On February 12, Sen. David Perdue (R-GA), a member of the Senate Banking Committee, introduced Senate Bill 453, also known as the CFPB Accountability Act of 2019. According to the text of the bill, it would amend the Consumer Financial Protection Act of 2010 to subject the Consumer Financial Protection Bureau (CFPB) to the regular appropriations process.
A press release issued the same day that the newest bill was introduced, Sen. Perdue stated:
Dodd-Frank gave the CFPB unprecedented power with no Congressional oversight. Despite the new Director’s efforts to bring transparency to the Bureau, its structure is still completely unconstitutional. The American people deserve a closer look at the CFPB to understand how its actions will impact consumers.
The bill is co-sponsored by seventeen republican senators.
Sen. Perdue has introduced a similar bill in the past. In 2015, Sen. Perdue introduced S. 1383 (114th Congress). In 2016, Sen. Perdue sponsored S. 3318 (114th Congress). Both bills were likewise titled as the Consumer Financial Protection Bureau Accountability Act, the only difference in the titles was the year. The House of Representatives saw a similar bill in 2015 in H.R. 1261 (114th Congress), sponsored by Rep. Sean Duffy (R-WI).
The CFPB not being subject to Congress’ power of the purse is one of the two main arguments over the past year or so in court cases arguing that the structure of the CFPB is unconstitutional. Three main cases come to mind.
- The argument was first introduced in PHH Corp. v. Consumer Financial Protection Bureau, which founds its way through the D.C. Circuit Court of Appeals. At the en banc review phase, ultimate the D.C. Circuit found the structure of the CPFB is constitutional in January 2018.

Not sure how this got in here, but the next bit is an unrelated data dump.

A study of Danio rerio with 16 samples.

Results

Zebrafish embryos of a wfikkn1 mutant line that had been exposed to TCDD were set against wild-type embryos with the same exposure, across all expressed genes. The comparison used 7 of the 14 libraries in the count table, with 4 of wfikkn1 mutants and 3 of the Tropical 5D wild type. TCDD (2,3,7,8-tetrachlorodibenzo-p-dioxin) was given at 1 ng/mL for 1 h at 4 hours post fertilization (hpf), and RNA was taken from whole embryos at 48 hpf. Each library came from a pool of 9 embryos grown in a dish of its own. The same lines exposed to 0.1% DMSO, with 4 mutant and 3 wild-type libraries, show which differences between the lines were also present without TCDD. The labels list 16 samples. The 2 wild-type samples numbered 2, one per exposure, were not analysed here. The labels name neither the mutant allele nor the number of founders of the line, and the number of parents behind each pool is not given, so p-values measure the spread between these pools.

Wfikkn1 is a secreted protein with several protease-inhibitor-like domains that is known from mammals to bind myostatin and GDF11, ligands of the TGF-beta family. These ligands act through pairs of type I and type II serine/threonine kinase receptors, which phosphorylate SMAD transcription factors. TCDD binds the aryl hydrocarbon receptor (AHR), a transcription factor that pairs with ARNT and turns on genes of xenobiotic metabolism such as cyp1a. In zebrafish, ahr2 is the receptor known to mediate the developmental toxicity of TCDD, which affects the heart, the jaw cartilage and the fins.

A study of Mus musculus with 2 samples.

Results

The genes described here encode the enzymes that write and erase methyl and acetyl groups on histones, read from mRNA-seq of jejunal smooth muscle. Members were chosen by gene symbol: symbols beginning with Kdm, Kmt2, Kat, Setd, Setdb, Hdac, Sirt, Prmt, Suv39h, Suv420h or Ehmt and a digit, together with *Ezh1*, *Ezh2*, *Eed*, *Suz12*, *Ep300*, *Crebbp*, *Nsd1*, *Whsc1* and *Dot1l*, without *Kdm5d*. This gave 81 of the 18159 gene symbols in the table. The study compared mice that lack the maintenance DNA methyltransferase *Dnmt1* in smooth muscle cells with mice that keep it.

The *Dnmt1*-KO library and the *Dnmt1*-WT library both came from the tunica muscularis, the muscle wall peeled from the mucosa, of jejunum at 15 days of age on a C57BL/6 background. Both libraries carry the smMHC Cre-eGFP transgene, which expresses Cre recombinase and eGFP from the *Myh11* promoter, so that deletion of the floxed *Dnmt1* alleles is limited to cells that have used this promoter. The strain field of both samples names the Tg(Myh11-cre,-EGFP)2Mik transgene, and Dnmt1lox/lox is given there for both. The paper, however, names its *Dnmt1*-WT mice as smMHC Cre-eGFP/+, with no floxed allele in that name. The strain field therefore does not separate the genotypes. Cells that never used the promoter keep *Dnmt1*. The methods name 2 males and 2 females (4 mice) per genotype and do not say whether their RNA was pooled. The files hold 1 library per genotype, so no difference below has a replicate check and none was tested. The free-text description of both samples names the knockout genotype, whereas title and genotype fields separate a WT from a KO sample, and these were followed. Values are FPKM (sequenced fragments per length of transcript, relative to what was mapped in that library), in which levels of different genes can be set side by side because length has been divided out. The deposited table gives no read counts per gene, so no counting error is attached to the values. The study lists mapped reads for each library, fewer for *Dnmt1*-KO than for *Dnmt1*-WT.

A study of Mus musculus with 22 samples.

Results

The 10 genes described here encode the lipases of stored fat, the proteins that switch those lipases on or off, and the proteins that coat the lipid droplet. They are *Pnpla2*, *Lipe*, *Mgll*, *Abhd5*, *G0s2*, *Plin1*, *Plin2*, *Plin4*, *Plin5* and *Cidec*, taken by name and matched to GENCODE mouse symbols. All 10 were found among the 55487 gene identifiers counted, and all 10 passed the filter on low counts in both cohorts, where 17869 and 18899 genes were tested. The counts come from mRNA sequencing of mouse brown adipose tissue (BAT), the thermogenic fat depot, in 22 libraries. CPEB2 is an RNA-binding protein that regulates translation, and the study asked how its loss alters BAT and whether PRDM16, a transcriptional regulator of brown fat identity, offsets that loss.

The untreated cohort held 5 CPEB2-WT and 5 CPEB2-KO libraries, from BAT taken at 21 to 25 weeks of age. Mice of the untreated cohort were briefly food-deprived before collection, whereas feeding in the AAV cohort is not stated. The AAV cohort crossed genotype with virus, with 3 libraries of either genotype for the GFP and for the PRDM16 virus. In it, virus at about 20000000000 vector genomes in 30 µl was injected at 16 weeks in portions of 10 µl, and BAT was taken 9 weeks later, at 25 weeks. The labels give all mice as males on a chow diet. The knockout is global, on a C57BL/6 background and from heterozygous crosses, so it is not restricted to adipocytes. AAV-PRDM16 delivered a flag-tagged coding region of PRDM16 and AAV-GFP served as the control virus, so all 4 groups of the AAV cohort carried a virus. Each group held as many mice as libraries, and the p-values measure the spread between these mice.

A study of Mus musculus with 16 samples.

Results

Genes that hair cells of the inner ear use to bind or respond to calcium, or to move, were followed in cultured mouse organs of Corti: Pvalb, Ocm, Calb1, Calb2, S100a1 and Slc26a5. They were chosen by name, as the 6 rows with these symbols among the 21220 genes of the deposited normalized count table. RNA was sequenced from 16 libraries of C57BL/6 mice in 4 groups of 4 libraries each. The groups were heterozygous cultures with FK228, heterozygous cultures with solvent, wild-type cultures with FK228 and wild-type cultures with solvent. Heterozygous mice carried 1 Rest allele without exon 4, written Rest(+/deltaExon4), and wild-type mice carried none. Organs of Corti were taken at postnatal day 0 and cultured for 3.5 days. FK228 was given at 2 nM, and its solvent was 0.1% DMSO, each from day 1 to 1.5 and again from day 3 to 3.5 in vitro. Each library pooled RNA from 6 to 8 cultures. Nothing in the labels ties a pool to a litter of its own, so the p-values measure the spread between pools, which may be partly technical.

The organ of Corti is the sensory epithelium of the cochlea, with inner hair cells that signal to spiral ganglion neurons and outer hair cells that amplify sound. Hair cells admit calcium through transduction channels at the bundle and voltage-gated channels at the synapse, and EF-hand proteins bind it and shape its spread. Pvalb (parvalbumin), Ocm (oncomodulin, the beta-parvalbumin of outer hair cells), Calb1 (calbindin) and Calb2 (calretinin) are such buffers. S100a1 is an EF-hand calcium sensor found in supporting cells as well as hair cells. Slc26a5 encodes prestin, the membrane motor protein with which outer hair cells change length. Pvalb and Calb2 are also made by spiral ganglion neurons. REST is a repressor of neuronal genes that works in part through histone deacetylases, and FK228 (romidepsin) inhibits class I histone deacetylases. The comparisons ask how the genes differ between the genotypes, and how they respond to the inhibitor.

- In September 2018, a petition for writ of certiorari – a request for the U.S. Supreme Court to hear the case – was filed in State National Bank of Big Spring v. Mnuchin. The Supreme Court denied that petition on January 14 of this year.
- A similar case, CFPB v. RD Legal Funding, has been brewing in New York. The district court found that the Bureau’s structure is unconstitutional. The CFPB appealed to the Second Circuit, where the case is still pending.
While the issue seems stalled in the court system, Sen. Perdue continues his efforts to challenge the CFPB’s structure – at least its appropriations – through the legislative branch. Of note, the prior two iterations of Sen. Perdue’s bill were introduced while Former Director Cordray still ran the Bureau. It seems that the change in Bureau leadership has done little to assuage Sen. Perdue’s efforts on the issue.